Africa owes a debt of gratitude to Ellen Johnson Sirleaf
But now they barely speak, and he has subjected her to blistering public attacks. Why?
She has said to him, according to reports, that she is not going to hand him the presidency, and he will have to work for it.
“We’re asking her — the Unity Party is her party, it’s the party that would bear her legacy and she ought to be supporting it,” he said in an interview in February.
Where he sees a personal betrayal however, the rest of the world finds moral courage. Sirleaf is after all single-handedly responsible for keeping Liberia stable and unified for the past 12 years.
It is a role she has taken seriously enough that, at the beginning of the campaigns, she was forced to issue a stern warning to the 20 candidates jostling to replace her: “We hold them as political leaders who seek the highest office of our land to act with dignity and responsibility that befits that office — to live up to their commitments to ensure violence-free elections,” she said.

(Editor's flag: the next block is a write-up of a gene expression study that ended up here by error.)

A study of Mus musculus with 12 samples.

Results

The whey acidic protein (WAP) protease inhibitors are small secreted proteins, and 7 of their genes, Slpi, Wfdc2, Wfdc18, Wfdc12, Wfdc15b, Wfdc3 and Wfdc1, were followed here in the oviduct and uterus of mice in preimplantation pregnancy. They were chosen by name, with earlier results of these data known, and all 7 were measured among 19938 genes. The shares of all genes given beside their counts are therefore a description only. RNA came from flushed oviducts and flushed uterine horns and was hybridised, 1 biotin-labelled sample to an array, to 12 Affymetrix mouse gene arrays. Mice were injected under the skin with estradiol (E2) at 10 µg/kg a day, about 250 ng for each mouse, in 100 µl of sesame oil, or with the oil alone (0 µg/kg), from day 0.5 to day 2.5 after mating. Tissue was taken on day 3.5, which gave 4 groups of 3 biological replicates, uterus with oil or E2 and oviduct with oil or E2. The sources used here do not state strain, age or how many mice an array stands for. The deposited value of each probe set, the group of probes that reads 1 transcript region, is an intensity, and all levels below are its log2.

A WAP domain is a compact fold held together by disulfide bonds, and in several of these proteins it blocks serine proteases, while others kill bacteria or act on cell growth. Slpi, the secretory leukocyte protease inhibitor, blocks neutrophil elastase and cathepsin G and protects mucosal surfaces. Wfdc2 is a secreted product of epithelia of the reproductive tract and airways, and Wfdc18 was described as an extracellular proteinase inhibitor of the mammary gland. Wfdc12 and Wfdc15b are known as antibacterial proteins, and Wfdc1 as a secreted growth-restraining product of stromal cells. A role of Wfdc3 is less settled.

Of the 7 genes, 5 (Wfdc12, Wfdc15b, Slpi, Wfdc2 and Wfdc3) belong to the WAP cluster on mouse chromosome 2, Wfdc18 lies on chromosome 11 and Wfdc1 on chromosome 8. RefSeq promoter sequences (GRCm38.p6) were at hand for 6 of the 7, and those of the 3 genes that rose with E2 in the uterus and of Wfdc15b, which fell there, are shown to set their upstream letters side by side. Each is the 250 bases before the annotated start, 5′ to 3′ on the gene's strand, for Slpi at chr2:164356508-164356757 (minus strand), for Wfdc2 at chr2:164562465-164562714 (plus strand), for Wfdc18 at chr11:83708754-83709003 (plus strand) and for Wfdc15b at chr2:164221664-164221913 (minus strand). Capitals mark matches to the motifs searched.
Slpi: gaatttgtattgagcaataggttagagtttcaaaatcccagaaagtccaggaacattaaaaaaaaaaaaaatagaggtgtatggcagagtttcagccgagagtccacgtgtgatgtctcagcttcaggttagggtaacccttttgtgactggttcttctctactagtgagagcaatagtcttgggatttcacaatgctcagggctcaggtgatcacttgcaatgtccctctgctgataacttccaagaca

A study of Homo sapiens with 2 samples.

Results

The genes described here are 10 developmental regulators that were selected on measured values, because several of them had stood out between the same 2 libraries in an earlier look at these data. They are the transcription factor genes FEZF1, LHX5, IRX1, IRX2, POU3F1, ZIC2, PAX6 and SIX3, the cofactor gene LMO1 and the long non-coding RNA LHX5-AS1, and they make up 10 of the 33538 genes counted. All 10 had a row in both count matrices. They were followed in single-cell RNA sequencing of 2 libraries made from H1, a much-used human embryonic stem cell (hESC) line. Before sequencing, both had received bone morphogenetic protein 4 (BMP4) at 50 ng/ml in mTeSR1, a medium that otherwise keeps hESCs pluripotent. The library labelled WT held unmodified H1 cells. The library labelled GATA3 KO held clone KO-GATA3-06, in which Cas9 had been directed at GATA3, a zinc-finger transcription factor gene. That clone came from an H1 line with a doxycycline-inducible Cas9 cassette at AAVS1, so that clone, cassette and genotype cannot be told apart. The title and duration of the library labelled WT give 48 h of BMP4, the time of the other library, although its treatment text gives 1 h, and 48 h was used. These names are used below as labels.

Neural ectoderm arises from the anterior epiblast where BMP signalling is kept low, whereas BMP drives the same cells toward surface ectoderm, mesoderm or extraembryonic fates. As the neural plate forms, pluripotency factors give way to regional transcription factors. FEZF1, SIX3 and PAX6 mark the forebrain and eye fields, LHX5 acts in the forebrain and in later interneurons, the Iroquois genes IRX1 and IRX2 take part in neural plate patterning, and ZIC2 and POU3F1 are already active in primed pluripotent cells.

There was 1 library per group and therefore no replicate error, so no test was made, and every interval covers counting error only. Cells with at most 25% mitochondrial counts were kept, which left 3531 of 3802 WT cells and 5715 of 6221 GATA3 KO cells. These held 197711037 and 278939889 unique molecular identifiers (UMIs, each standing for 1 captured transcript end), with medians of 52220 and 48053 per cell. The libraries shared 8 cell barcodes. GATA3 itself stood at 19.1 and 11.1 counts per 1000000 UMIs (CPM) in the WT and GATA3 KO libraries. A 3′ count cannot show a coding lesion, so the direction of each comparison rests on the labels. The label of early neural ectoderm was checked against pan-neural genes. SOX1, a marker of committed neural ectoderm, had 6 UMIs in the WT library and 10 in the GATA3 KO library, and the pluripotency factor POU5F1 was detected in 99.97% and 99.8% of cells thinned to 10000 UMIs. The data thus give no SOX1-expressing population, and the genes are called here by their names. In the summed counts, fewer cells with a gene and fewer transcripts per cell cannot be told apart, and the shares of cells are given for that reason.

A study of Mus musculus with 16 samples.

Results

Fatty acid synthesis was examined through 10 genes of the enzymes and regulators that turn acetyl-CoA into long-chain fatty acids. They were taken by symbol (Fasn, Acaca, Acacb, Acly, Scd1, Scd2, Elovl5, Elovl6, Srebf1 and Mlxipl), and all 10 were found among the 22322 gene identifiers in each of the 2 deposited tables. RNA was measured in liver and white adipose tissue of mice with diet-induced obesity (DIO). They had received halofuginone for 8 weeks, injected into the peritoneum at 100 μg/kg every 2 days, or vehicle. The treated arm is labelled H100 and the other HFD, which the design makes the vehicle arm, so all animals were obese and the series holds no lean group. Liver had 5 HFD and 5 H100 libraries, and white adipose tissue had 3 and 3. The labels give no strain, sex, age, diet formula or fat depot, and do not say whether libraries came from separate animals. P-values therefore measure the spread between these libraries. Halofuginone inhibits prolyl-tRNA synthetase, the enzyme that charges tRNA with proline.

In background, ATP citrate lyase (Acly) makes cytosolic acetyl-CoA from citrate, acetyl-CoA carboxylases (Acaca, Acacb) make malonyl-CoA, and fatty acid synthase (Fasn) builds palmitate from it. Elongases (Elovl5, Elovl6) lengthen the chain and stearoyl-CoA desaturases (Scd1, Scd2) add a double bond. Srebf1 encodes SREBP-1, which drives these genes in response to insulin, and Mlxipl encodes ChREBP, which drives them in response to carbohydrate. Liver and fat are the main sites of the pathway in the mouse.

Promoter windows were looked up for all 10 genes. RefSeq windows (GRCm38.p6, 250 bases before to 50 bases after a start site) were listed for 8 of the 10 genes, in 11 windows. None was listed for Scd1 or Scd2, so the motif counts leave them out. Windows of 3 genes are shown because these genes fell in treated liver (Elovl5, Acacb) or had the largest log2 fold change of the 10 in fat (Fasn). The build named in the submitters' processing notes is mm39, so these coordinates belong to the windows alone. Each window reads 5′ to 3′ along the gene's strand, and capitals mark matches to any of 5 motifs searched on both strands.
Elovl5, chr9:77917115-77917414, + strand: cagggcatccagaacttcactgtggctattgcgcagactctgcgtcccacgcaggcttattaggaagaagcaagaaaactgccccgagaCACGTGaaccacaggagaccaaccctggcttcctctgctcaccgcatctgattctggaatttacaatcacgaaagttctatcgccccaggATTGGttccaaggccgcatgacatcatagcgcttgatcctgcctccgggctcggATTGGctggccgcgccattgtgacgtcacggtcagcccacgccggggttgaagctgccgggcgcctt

It is of course a necessary ritual to note that Sirleaf, who is stepping down after two six-year terms in office and who has won the Nobel Peace Prize, is far from perfect.
Corruption remains a major problem — the country ranks 90 out of 176 countries in the 2016 corruption perception index by Transparency International. Even Sirleaf had to admit this in an address to the Liberian congress this year.
Added to this are accusations of nepotism after the president appointed her three sons to major posts in the government, albeit they were qualified for those positions.
Many of its youth are unhappy and express hopelessness as to present and future economic opportunities.
According to the United Nations, young people constitute more than 60 percent of the population, and youth employment is nearly 90 percent.